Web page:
Bishop’s Falls aiming to improve waterfront
The Town of Bishop’s Falls is starting work on some big changes to the community.
Anyone who has ever been to the small central Newfoundland community can tell they have something very special, situated along the scenic Exploits River. It’s one of the best spots in the province for salmon fishing. The riverfront also makes a wonderful location for events, camping, picnics, and hiking.
Now the town has decided to proceed with development of the waterfront and upgrading of Fallsview Park.
That decision was made on the adoption of a resolution presented by the town’s Economic Development Committee at a recent Committee of the Whole meeting.
The resolutions called for the Town to proceed with plans to meet with both the federal Atlantic Canadian Opportunities Agency (ACOA) and provincial department of Innovation, Business and Rural Development (IBRD) on funding for the two projects.
Mayor Bob Hobbs said with the upgrades, Council envisions Bishop’s Falls becoming the recreation salmon fishing capital of Newfoundland and Labrador.
“We’ve been working on this in conjunction with ACOA trying to come up with . . . a plan to approach it in what we need where we need to go and what kind of things that would include,” he said. “We’re specifically looking at developing and fixing up our park, and a new thing (we’re looking at) is plans to enhance the use of our river. And it’s not only one specific area, we’re trying to use the whole waterfront.”
Hobbs said the Town an engineering plan has already been drafted for Fallsview Park that will include more camping sites with sewage and electricity, as well as some other things the mayor said he’s not prepared to talk about just yet.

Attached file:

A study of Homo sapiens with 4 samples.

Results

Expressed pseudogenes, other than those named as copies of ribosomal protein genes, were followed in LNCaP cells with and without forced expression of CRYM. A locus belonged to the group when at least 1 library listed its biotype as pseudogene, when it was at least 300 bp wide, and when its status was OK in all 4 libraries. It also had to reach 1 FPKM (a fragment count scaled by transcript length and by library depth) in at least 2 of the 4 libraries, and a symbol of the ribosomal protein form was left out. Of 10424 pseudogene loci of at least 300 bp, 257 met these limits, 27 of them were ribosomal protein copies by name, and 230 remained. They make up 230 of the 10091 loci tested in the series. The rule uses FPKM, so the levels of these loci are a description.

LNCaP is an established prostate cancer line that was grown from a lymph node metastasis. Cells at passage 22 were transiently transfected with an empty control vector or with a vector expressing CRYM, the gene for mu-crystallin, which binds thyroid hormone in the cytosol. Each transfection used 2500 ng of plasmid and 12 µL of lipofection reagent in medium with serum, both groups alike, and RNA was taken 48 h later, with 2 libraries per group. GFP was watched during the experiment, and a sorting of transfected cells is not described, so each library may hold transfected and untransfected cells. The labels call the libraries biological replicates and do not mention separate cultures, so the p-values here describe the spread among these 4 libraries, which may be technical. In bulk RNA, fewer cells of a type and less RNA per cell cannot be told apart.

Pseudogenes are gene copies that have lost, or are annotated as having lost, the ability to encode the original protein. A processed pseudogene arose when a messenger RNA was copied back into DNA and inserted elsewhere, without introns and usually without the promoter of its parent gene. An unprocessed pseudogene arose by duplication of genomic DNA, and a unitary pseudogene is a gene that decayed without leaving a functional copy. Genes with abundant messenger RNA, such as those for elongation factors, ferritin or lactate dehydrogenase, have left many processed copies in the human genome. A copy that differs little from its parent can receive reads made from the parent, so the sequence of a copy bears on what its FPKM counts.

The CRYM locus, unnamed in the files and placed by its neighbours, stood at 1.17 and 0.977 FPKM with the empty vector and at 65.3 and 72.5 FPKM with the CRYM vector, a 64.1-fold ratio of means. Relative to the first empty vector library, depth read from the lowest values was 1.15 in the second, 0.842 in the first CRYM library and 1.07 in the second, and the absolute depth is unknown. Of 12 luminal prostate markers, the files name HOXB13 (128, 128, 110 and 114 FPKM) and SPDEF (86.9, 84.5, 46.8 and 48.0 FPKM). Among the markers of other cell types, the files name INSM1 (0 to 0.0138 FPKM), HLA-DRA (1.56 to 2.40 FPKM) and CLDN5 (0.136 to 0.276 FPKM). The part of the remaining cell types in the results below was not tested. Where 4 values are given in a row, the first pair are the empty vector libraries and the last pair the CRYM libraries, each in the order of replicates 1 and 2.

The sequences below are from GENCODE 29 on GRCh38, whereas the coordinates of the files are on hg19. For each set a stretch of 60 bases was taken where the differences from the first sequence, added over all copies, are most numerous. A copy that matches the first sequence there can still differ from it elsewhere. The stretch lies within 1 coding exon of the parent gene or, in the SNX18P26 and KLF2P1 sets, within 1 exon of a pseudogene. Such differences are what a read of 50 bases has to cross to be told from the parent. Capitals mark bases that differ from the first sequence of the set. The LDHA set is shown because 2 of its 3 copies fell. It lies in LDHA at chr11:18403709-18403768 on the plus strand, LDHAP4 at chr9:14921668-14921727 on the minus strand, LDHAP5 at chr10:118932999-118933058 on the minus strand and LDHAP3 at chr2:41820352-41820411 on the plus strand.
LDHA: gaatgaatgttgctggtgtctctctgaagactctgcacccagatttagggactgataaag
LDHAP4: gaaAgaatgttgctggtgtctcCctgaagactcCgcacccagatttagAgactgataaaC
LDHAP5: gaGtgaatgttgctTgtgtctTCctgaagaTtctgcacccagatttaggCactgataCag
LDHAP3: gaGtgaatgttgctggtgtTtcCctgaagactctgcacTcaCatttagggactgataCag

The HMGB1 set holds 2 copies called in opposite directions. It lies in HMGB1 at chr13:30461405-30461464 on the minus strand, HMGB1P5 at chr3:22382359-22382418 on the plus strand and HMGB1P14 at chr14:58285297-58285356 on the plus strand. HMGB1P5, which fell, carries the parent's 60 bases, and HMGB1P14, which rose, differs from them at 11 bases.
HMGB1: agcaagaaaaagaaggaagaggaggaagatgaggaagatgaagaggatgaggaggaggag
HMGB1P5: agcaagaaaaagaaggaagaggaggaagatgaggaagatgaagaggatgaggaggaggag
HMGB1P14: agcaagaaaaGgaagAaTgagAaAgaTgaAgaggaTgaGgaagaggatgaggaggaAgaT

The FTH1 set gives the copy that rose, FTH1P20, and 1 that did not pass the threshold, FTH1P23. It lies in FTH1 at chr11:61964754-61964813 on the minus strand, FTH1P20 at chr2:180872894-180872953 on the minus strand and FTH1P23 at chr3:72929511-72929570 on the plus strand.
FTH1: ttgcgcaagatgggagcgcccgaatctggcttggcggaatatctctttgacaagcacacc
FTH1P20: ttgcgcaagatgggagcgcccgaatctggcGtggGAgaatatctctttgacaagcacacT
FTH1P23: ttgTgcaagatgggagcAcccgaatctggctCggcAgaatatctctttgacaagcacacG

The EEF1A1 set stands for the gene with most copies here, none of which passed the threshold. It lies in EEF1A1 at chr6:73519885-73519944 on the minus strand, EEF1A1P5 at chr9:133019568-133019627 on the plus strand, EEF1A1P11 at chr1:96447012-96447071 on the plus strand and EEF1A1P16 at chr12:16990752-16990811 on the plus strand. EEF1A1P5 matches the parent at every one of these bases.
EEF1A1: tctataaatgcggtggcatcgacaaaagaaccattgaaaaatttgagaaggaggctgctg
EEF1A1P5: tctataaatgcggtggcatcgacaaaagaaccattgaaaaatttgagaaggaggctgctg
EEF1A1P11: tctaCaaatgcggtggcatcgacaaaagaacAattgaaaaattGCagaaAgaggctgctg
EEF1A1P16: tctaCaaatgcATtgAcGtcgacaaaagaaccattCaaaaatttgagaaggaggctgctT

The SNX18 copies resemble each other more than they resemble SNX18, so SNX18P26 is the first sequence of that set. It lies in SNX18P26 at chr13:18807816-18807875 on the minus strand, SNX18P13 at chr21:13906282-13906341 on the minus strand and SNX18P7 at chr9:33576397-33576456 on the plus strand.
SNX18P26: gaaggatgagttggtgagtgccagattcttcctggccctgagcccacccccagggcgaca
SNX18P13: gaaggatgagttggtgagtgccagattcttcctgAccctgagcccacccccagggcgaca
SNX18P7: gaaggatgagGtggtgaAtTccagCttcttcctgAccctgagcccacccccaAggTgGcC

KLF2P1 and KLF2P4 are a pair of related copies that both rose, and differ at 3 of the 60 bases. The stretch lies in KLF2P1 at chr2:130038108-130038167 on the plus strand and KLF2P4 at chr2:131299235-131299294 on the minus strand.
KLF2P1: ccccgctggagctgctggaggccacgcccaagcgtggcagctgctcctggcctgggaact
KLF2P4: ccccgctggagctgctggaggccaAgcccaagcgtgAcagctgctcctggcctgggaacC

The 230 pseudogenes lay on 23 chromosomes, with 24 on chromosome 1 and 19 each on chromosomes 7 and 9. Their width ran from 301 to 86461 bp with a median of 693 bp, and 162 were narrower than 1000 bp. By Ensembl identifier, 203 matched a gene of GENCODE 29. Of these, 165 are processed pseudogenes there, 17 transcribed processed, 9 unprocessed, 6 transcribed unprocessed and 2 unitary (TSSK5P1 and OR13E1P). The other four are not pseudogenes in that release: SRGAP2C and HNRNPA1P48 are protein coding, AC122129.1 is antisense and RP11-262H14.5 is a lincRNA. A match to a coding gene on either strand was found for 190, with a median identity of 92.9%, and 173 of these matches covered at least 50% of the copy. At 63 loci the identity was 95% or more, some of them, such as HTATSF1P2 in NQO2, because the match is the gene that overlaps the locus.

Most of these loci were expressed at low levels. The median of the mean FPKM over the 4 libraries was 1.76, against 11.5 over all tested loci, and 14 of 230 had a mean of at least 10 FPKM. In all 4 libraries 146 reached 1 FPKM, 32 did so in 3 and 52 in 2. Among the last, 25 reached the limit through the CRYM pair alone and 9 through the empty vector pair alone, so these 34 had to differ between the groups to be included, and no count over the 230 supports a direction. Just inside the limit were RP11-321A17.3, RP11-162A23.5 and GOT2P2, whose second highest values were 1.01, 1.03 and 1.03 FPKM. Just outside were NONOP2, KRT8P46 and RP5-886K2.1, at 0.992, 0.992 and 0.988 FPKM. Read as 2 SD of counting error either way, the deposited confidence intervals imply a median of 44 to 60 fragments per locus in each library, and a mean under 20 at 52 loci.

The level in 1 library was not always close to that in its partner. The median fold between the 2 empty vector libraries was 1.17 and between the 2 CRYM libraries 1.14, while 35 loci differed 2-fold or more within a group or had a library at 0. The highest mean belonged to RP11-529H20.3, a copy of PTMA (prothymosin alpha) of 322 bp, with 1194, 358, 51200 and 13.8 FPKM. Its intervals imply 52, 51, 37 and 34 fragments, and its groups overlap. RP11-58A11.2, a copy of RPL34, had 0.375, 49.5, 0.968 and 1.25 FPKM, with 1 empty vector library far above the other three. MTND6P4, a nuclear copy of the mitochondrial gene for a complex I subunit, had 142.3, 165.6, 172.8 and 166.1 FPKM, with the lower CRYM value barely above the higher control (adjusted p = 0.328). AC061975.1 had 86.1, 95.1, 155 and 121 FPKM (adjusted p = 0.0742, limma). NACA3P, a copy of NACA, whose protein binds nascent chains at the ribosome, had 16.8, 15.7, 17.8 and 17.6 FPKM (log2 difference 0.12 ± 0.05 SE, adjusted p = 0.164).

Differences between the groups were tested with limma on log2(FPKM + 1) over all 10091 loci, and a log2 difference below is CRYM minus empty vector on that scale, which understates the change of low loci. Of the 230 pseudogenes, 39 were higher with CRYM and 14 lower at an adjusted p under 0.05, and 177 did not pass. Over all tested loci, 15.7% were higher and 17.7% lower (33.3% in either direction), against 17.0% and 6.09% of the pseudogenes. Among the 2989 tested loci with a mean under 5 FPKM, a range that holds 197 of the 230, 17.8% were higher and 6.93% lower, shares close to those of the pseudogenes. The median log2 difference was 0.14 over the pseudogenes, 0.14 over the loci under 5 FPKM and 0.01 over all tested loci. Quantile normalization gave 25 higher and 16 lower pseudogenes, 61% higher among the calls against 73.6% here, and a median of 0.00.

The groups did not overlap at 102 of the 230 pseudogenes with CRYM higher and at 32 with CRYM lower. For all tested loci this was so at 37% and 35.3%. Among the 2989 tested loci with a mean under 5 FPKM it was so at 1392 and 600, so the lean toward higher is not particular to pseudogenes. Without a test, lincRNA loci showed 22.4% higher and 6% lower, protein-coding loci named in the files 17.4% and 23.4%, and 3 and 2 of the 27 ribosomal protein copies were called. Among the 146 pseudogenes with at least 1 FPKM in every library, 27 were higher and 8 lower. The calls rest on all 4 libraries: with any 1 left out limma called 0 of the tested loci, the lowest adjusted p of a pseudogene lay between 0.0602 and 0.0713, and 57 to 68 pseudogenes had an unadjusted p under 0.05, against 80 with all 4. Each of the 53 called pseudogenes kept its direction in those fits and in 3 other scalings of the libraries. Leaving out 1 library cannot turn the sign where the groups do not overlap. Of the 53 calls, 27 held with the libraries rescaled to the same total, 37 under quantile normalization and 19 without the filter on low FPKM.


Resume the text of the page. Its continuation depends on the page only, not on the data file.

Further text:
For the waterfront development, Hobbs said the plan is to put in place more boat launches, install signage to identify the salmon pools throughout the community, build kiosks explaining different attractions, install picnic benches, and improve walking trials. He said the waterfront development is still in planning stages.
“The idea is . . . not necessarily just to enhance what we have for ourselves but to bring in tourists from outside,” Hobbs said. “We want to improve the whole waterfront and (create) a sense that this is going to be the salmon centre of Newfoundland.”
Hobbs said each part of the development could cost around a million dollars, and the town will seek funding from ACOA and IBRD to help pay for it.
“We’re hoping to sit down fairly quickly with the . . . agencies and work on financing arrangements; if possible, we might be working on it this summer,” he said.
Hobbs said improving the park, waterfront, and fishing facilities will have a myriad of benefits for the town.
The mayor said one of the benefits for the town and region is that people who come to visit and stay in the park will make purchases at local grocery stores and gas stations.
“It’s certainly going to enhance the river, it will be a money generator for the community,” said the mayor. “It will be an attraction that will bring people to the community, and it will expand into other tourist attractions we have here.”